This is it,” I murmured under my breath as I walked into Hoyne Brewing Company’s tasting room. This was the first of many “this is it” moments I would have in Victoria, British Columbia each utterance leaving a pleasant taste, both literally and figuratively.  One tasting flight I was throwing a variety pack of Hoyne’s flagship beer into my basket, flipped up my kickstand, and pedaled to the next brewery.

That’s right pedaled, as in on a bicycle. This was stop No. 2 on a biking brewery crawl, what’s been dubbed “Hoppy Hour,” by The Pedaler, a downtown bicycle shop and tour organizer. The tour winds through neighborhoods, over trestles, and past quiet parks hugging the water. The first stop was at Phillips Brewing. There I sampled brews watching as locals lined up to fill their weekend growlers. Evidently this is an integral part of Victoria culture— each brewery I stopped in saw neighboring folk coming in to do the same.

Following an afternoon of pilsners, IPAs, hefes, pale ales, and chocolate stouts, it was time to see what Victoria had in the way of cocktails. This was where my next “this is it” moment took place. Clive’s Classic Lounge, in the hotel Chateau Victoria near Victoria’s Inner Harbour, has consistently been named one of the best bars in the world. I walked through the hotel’s chic glass doors and toward the entrance of a generic-looking hotel bar.

What was standard in style, Clive’s made up for in know-how. Here, they were only about the ingredients. What they do—making drinks that you’ve never heard of with spirits and ingredients you’ve probably never heard of either—they do with precision. While my intention was to only have one drink, three hours later and I was nomming on poutine and getting educated by a bartender on the Tiki-style program and their limited and rare spirits. Meanwhile, I was trying to suck every last drop from my Savage Garden Tiki concoction, featuring Brugal Añejo Dominican rum, Marquis de Villard French brandy, Luxardo Morlacco, house-made Cola syrup, and fresh grapefruit juice. It goes without saying that many of their syrups, bitters, and garnishes are house-made.

On the second day, I was ready to see what lay beyond the city limits of Victoria. I liked what I came across, but not before I had another “this is it” moment.

Following the signs for “Victoria Spirits” I drove down a little-maintained road, pulled into a driveway, and yet again said “this is it,” as I parked in front of a small farmhouse. Distiller Phil Lecours introduced himself and led me to the downstairs distilling room where a wood-fired still was warming up to make a batch of gin.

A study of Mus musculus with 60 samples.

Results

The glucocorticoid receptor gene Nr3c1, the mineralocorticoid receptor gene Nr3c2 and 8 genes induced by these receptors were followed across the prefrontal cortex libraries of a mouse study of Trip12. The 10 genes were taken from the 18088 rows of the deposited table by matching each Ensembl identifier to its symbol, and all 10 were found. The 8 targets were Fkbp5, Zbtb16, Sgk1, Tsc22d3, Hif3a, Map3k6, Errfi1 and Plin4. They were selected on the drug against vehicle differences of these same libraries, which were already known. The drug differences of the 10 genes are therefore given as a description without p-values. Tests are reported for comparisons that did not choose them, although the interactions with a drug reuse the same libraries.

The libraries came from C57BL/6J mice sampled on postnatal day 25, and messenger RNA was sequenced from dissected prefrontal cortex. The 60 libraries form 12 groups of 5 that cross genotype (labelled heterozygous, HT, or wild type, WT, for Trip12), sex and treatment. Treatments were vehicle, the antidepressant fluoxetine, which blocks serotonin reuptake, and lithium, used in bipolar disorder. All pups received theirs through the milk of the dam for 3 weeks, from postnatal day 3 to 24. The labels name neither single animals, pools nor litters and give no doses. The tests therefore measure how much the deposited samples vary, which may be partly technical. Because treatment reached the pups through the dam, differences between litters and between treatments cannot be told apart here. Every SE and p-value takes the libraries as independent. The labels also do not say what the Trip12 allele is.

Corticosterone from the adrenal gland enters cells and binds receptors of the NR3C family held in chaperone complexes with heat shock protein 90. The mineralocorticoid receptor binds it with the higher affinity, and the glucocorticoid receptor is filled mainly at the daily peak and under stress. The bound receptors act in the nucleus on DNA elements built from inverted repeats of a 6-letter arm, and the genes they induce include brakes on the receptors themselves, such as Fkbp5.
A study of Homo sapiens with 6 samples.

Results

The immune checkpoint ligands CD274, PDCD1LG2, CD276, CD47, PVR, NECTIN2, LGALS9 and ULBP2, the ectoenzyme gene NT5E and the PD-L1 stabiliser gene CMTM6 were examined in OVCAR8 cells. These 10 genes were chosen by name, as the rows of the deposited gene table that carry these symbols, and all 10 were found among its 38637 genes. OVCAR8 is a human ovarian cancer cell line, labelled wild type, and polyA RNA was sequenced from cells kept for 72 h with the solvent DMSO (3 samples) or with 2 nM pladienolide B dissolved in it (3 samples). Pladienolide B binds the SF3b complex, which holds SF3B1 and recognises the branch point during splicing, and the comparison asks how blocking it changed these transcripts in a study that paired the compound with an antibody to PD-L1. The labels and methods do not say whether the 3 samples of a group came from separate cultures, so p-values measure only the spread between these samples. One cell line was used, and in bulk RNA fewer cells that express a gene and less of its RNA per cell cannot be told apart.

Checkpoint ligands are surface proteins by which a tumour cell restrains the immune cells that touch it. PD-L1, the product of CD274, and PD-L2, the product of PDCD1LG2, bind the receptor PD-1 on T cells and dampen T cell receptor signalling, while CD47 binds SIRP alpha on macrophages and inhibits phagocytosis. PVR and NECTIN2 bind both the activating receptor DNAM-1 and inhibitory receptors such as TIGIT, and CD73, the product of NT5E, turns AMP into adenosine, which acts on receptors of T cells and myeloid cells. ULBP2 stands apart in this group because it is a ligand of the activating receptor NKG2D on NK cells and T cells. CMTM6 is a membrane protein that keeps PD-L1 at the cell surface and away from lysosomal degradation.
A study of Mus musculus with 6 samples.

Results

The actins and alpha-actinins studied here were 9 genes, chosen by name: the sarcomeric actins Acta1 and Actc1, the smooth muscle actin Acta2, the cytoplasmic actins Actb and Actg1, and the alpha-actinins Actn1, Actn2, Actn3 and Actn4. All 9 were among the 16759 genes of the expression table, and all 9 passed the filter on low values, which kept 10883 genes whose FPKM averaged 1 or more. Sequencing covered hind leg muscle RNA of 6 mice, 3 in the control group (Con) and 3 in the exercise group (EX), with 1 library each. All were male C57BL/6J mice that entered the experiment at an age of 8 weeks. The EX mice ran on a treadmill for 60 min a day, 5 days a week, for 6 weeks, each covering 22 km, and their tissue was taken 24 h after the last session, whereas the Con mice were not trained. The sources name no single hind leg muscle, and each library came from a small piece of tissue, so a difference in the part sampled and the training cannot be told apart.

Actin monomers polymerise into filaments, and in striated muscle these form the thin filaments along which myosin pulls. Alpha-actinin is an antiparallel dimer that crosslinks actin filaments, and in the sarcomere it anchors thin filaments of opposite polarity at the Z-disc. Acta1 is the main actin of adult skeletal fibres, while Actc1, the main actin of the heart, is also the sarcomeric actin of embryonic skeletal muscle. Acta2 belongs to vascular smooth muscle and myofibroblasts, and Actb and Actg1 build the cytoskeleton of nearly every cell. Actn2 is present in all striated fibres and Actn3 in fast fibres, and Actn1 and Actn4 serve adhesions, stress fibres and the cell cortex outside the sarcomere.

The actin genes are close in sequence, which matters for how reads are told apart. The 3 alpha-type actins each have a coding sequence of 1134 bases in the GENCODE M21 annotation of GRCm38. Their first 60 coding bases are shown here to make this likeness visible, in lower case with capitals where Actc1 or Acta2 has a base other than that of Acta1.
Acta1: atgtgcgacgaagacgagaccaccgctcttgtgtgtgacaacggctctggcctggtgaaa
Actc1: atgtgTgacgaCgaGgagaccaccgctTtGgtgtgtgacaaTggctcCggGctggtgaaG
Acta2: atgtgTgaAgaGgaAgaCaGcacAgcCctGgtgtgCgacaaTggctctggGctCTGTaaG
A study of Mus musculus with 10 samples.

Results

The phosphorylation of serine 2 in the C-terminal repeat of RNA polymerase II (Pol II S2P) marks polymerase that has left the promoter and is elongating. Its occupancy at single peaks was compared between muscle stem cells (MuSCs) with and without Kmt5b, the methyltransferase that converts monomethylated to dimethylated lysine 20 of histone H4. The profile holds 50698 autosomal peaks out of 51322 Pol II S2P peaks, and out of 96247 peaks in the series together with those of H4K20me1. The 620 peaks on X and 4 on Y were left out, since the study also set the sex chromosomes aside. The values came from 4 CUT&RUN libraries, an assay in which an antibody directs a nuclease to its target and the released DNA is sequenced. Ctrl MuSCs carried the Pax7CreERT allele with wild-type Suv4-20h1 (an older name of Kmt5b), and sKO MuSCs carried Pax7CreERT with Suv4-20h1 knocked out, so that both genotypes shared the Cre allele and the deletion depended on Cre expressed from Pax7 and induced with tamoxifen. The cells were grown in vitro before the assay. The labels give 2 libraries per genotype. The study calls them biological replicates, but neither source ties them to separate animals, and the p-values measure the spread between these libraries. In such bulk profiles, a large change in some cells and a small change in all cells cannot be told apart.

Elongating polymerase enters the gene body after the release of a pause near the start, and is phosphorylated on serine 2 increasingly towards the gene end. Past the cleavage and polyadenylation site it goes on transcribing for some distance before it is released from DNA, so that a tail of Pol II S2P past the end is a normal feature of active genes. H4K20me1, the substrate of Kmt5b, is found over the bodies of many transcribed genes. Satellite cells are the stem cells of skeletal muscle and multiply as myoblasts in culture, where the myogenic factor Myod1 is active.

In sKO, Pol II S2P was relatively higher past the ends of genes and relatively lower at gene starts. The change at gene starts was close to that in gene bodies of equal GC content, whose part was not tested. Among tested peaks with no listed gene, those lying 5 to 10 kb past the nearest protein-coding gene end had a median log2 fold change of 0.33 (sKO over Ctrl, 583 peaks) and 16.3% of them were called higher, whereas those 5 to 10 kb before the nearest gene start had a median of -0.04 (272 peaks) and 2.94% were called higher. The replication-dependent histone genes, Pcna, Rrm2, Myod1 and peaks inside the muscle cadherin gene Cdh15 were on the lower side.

Phil walked me through their gin-making process from start to finish and gave me the rundown of their line of products. While Victoria Spirits’ gin (Canada’s first premium gin) is their flagship, they also have an aged gin, called Oaken, which piqued the interest of this whiskey-loving drinker. The Oaken is aged a year, giving it a darker tint and that oak-y flavor. While its lovely with tonic, which I tried with their house-made grapefruit bitters, Phil also recommended treating it as you would a whiskey, neat or in traditional drinks like a sour or mint julep.

My last stop had me staying a while at Sea Cider Farm and Ciderhouse; which yes, is in fact a house that makes cider and overlooks the sea. This is something of a destination cidery. You can absolutely make a day of it here walking through the orchard, enjoying lunch on the outdoor patio overlooking the orchard and sea, and going through a flight in the tasting room.

“Yes,” I responded without hesitation, when my waitress asked me if I would like the long flight. And a long flight it was: generous pours of their eight regular ciders and a trio of dessert wines, such as their 18% ABV Pommeau, which is something of an appertif. Also included was a seasonal pear. Unlike many of the beers and spirits mentioned, Sea Cider’s distribution reaches the U.S., primarily the Pacific Northwest, where several of their ciders are available, including the Pippins, which is comparable to mainstream ciders. Their other ciders stay closer to home and may throw your taste buds into a hissy. The Pomona dessert wine drinks like a port, and the Rumrunner, a 12.5% ABV cider, is aged in oak bourbon barrels that have been laced with rum.

It’s easy to hop on a bike or rent a car to get to the fringes of Victoria. There you’ll find a drink culture that’s still deeply founded on the roots of booze, be it honing the craft of pilsners, mastering the art of absinthe, or putting a spin on apple cider making. In a time when it seems to be more about innovation and the next big thing, it’s nice to see a destination focusing on the basics.

Hoyne Brewing Company

2740 Bridge St.
Victoria, BC Canada
+1 250-590-5758
Hours: Wednesday – Friday 2 – 6 P.M.
Saturday 11 A.M. – 6 P.M.

The Pedaler

719 Douglas Street
Victoria, BC, Canada
+1 778-265-RIDE (7433)
Hours: Monday – Sunday 9 A.M. – 6 P.M.

Phillips Brewing

2010 Government St.
Victoria, BC, Canada
+1 250-380-1912

Hours: Monday 10 A.M. – 5 P.M.
Tuesday – Thursday 10 A.M. – 6 P.M.
Friday 10 A.M. – 7 P.M.
Saturday 11 A.M. – 6 P.M.

Clive’s Classic Lounge

740 Burdett Ave.
Victoria, BC, Canada
+1 250-361-5684
Hours: Monday – Wednesday 11 A.M. – 12 A.M.
Thursday – Friday 11 A.M. – 1 A.M.
Saturday 5 P.M. – 1 A.M.

Victoria Spirits

6170 Old West Saanich Rd.
Victoria, BC, Canada
+1 250-544-8217
Hours: Weekdays by appointment
Weekends 11 A.M. – 5 P.M.

Sea Cider Farm & Ciderhouse

2487 Mt. St. Michael Rd.
Saanichton, BC, Canada
+1 250-544-4824
Hours: Monday – Sunday 11 A.M. – 4 P.M.